Dupin and Johsua (1987)

This French study investigated the persistence of misconceptions about current and potential differences over a wide range of student ages. It shows that some of these misconceptions can be successfully addressed through simple methods while others are more resilient to change. 

Learners’ ideas

  • Many pupils indicated that electric current can only exist in a closed circuit.
  • Some pupils could not clearly differentiate current from voltage.
  • Students maintain the misconception that current is consumed by components despite several years of teaching to address the issue.
  • Many students think that a battery will supply a certain, constant current, regardless of the circuit it is placed in.

Teaching and Learning Implications

  • Teachers should be aware of pupils’ conceptions and their nature, and how these misconceptions might evolve during teaching.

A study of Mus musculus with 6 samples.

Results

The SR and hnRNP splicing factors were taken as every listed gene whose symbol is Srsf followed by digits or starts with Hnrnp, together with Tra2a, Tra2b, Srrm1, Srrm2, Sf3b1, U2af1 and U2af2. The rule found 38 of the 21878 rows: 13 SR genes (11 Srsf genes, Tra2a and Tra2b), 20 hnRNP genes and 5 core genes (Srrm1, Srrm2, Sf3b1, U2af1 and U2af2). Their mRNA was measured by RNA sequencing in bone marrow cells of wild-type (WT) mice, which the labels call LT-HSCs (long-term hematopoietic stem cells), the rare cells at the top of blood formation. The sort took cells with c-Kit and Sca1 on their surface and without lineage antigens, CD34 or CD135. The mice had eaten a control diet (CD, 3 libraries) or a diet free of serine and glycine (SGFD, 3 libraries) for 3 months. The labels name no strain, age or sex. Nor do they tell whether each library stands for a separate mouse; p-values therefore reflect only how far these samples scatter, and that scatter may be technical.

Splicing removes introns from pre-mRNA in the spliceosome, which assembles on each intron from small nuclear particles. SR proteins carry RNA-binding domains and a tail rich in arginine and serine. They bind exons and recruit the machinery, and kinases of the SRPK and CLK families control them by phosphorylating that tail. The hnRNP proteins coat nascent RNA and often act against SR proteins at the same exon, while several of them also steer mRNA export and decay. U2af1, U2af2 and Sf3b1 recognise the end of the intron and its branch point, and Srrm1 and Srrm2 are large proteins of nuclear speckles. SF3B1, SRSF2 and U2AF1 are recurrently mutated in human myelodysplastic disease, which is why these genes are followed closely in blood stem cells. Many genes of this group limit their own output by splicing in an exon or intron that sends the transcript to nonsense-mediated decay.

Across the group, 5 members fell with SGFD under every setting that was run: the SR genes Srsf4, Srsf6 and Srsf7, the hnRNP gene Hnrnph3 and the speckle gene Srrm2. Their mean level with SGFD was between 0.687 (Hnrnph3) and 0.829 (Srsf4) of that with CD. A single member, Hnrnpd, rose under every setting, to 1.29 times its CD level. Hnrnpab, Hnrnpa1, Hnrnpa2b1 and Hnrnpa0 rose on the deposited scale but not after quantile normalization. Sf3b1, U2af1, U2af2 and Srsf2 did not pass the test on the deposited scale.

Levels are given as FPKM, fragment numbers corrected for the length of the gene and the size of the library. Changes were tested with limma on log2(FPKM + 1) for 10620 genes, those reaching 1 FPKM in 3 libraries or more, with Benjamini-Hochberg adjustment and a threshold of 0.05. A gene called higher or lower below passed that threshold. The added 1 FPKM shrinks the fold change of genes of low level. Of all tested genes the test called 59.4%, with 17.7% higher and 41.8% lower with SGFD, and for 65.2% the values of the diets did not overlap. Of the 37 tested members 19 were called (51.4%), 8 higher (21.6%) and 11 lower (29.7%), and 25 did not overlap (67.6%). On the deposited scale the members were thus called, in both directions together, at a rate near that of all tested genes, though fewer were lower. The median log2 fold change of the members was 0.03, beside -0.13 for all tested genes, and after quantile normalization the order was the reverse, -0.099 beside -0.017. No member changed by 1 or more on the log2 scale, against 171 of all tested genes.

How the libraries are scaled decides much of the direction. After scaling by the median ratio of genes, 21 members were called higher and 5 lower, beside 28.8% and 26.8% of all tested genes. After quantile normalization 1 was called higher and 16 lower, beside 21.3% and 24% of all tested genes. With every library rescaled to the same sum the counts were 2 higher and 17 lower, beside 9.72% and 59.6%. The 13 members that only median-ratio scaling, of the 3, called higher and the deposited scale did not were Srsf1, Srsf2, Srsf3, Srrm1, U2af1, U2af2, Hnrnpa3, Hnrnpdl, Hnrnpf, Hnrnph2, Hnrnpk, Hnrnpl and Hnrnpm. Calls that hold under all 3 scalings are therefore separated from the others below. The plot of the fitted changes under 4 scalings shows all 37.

• Overcoming misconceptions about potential difference requires careful development of the relationship between it, current and resistance.

Study Structure


The authors tried to identify the conceptions of French pupils when treating simple problems of DC electricity and their evolution from the beginning of secondary school to the fourth year of university. They also wanted to evaluate the impact of teaching on these conceptions and on the reasoning used to solve classical problems of electricity.

Evidence collection

Students completed parts of a questionnaire which contained a mixture of questions developed for this study and questions developed by other researchers. Some questions were limited to specific age groupings. The results were analysed by calculating simple percentages of correct answers.

Details of the sample

The sample consisted of 920 students: 426 aged between 12 and 14, 244 aged 16, 134 1st year university students aged 19, 60 2nd year university students aged 20, 26 3rd year university students aged 21 and 30 4th year university students ages 22. The 1st and 2nd-year university students studied physics, mathematics, or chemistry, while the 3rd and 4th-year university students studied physics only.